Director: Matthew Dunster
Writer: W Somerset Maugham
Reviewer: Lettie Mckie
The decision to revive a forgotten play is often fraught with difficulty and the pressures involved have both made and broken many a career. The popularity of playwrights ebb and flow with the tide of fashion and it is only the bravest of directors who break out against the accepted critical opinions of the season.
Of course, this risk taking is what good dramatic programming is all about, balancing ‘safe’ options with unusual choices that push boundaries or make audiences reconsider widely held opinions. Often revivals have unprecedented success; when English Touring Theatre (ETT) revived a Terence Rattigan play several years ago, many people thought they were mad. Now Rattigan is so popular that even David Hare has written a play inspired by his work.
But if ETT were hoping to pull off a similar coup with their production of W Somerset Maugham’s The Sacred Flame, they are likely to be disappointed. Last staged in 1967 the premise of this whodunit-style psychological drama was initially promising but unfortunately, in reality, the play was excruciatingly dull. Maurice Tabret (Jamie de Courcey) is an invalid, paralysed in a car accident and now bed-bound and impotent, but married to the beautiful young Stella (Beatriz Romilly) whom he loves fiercely. Stella, wracked with guilt, has embarked upon an affair with Maurice’s brother Colin Trabet (David Ricardo-Pearce) whose baby, the play reveals, she is now carrying. Half way through the first act Maurice dies and his loyal, manically self-righteous nurse Wayland (Sarah Churm), points the finger accusingly at the shamefaced couple. The rest of the play deals with the various suspects for Maurice’s death in turn.
The director Matthew Dunster explains in the programme notes that ‘Maugham uses the conventions of the whodunit to make some breath- takingly contemporary points about love’ and also that ‘conventional morality is overturned in the play’s remarkable dénouement’. If better performed here, this might have been the case. Dunster’s description of Maugham’s writing however; ‘the dialogue in the play has a formal, poetic quality. Revelations unfold calmly rather than in burst of emotion’ falls short of what was rendered in this production. Maugham deliberately writes in an non-naturalistic way, allowing his characters to speak in a way they would never be able to in real life. Whether this is successful or not is often a matter of taste, and also dependent on what does the audience expect from the play? If the interview with Dunster is to be believed, they could have expected thought-provoking drama and an intense psychological narrative.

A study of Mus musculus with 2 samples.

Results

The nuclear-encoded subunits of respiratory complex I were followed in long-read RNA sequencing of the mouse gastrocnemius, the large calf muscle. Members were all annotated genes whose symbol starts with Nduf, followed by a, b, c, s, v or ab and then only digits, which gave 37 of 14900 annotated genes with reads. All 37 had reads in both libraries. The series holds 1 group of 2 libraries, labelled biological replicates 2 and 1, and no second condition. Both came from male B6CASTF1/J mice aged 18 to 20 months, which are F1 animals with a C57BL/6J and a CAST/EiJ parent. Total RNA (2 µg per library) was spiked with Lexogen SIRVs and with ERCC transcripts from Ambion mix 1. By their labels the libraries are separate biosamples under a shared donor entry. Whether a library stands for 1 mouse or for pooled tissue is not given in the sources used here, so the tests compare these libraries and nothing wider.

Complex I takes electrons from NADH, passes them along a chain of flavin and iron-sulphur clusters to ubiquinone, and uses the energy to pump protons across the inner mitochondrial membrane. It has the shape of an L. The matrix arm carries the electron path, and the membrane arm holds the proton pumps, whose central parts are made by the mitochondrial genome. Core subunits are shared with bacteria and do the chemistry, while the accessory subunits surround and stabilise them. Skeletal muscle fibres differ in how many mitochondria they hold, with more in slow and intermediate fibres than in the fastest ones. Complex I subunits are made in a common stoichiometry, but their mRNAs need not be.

The reality was that much of the emotional significance that could have been gleaned from Maugham’s words was bleached out by an average delivery from the vast majority of the cast. As a company they had little chemistry, the dialogue was stilted due to a serious lack of pace, conviction of delivery was often absent and when not speaking several of the actors seemed to fall into a sort of unseeing trance, glued to the spot until their next line came. At some points the movement was so amateurish, the voices so unnaturally high pitched there were titters of laughter from the audience in completely inappropriate places. A beautiful set, haunting score and crisp, elegant costumes were not enough to save this production from a complete lack of self-awareness. Moments of high pathos in Maugham’s sensitive, highly provocative script were rendered interminably dull, wasted with fluffed lines and insincerity.